The Right Hook Bicycle Accident

We have found that the single most common cause of bicycle collision accidents is the Right Hook, when a car turning right runs into a bicyclist on its right in the process of making its turn.

The laws applying to this scenario are a good example of how the vehicle code provisions that were originally written for cars can create difficulties when advocating for the bicycle accident client. California Vehicle Code section 21754(b), which was enacted in 1959, provides that passing on the right is prohibited except when, for example, in a residential or business district (where most accidents occur) and there is “sufficient width for two or more lines of moving vehicles in the direction of travel.”

Then, likely in recognition to the increased number of bicyclists riding on city streets, the California legislature enacted CVC section 21755, which provides in subsection (a) that a driver of a vehicle (which includes bicycles) may pass another vehicle on the right so long as it is safe to do so. CVC 21755(b) goes on to provide that nothing in section prohibits bicycles from riding in bicycle lanes.

Even When the Bicyclist is Riding in a Bike Lane, Insurance Companies will Sometimes Fight Liability

You might therefore think that at least when a car turns right into a bicyclist that is on the car’s right and riding in a painted “Class II” bike lane, liability would be pretty clear cut. Indeed, sometimes we do not get much pushback when our bicycle clients are run into by right turning cars when the bicycle is in a bike lane because of the protections offered by CVC section 21755(b). However, certain local police departments who have tended to take a hostile approach toward bicyclists in their town, and some insurance claims representatives, often go out of their way to fault bicyclists anyway in this scenario if they feel the bicycle was riding too fast in the bike lane for the conditions, in violation of California’s basic speed law.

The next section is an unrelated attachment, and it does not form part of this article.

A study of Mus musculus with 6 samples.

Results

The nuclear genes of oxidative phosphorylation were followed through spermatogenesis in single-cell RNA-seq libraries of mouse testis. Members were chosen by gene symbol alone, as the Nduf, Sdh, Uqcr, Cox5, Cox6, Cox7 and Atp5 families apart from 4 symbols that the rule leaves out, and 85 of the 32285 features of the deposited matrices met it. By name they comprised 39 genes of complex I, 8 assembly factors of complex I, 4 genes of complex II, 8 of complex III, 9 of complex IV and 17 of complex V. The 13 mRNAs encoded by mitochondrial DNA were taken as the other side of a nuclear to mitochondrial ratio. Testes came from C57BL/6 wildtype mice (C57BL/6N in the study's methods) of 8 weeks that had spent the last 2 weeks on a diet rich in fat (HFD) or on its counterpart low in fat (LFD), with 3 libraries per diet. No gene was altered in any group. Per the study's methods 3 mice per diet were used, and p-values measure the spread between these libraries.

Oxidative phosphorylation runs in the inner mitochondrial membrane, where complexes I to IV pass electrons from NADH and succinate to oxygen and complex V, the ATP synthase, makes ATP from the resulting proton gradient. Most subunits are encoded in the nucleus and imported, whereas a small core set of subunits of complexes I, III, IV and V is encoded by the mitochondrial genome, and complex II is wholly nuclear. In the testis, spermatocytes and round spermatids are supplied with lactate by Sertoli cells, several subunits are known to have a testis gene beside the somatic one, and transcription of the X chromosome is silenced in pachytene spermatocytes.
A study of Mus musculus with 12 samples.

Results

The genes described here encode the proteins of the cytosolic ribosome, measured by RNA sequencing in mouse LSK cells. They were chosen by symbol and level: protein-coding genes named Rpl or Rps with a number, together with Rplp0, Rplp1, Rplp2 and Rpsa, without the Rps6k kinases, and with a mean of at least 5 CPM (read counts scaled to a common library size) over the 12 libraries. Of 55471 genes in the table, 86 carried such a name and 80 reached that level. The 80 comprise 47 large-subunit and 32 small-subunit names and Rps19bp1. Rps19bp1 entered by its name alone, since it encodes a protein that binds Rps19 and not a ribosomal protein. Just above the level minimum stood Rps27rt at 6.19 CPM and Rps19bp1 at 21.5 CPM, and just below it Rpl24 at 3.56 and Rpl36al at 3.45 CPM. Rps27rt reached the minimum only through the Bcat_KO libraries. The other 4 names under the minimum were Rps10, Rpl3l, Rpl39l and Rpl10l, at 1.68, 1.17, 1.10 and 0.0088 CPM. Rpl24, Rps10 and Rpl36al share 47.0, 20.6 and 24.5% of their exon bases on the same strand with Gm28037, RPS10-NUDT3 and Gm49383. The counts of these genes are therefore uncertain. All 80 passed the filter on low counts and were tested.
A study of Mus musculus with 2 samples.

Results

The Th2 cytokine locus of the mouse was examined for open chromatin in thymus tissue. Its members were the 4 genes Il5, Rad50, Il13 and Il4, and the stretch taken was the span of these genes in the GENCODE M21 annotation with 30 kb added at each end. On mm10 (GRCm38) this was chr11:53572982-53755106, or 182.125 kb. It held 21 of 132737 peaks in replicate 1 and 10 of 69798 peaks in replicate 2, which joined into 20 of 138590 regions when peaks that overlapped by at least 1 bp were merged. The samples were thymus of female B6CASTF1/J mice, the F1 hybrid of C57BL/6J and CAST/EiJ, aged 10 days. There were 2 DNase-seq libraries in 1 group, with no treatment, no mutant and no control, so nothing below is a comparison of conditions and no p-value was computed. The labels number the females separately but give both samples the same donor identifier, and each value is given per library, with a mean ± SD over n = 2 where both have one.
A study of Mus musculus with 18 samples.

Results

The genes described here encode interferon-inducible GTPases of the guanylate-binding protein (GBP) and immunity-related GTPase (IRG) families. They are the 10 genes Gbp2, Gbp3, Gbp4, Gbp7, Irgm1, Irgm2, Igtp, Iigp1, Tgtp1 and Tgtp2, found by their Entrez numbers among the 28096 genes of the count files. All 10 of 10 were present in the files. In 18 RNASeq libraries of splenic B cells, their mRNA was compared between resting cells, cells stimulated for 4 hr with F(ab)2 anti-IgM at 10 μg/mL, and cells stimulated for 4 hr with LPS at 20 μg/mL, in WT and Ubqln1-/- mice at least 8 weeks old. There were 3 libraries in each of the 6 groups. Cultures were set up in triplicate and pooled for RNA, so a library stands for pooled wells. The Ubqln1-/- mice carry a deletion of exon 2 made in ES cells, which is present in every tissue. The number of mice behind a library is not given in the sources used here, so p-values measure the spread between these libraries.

CVC 22350 provides that:

No person shall drive a vehicle upon a highway at a speed greater than is reasonable or prudent having due regard for weather, visibility, the traffic on, and the surface and width of, the highway, and in no event at a speed which endangers the safety of persons or property.

Therefore, sometimes in order to obtain fair recoveries for our bicycle accident clients who are passing cars on the right in a bike lane and a car turns into the lane, our attorneys need to establish that the bicyclist was traveling at a reasonable speed for the conditions even if they were in a bike lane. Two lesser known Vehicle Code sections we use to our advantage in these cases are section 22100(a) which requires that cars making right turns do so from the right most portion of the lane, including the bike lane, and section 21717, which requires motor vehicles who wish to turn right across a bicycle lane to enter the lane first before making the right turn. Finally, we will also rely on CVC section 21209, which prohibits motor vehicles from entering a bike lane to make a right turn more than 200 feet before the intersection.

What About When the Bicyclist is Not In a Bike Lane When Struck by the Right Turning Car?

The situation can get trickier when a bicyclist passes slow or stopped cars on the right when there is no bike lane and is hit by a right-turning car or bus. At that point, the debate often boils down to whether there was ample space for the bicyclist to pass the slower motor traffic on the right, how well traveled the road was by bicyclists, and the speed of the bicyclists, to determine whether the driver who turns right in front of the passing bicyclists was negligent, or legally responsible for causing the accident.

The Attorneys at The Zinn Law Firm have handled and resolved literally dozens of Right Hook car on bike cases. We know how to advocate for our clients who have been injured even when they were not riding in a bicycle lane. In these cases, we will show that the roadways where our clients were injured were often well-traveled by bicyclists and motorist should have been on notice to check before turning right even in the absence of a bike lane. If the roadway is a designated “Class III” bike route with signs and painted markings on the roadway showing that bicyclists are encouraged to ride on that road, it can be easier to prove the driver should have exercised more care before turning right without looking.

We also work with the best, most objective and well-regarded bicycle safety experts who can comment on safe bicycling practices and whether there was sufficient room for a bicyclist to safely pass slowed auto traffic on the right in absence of a pained bike lane.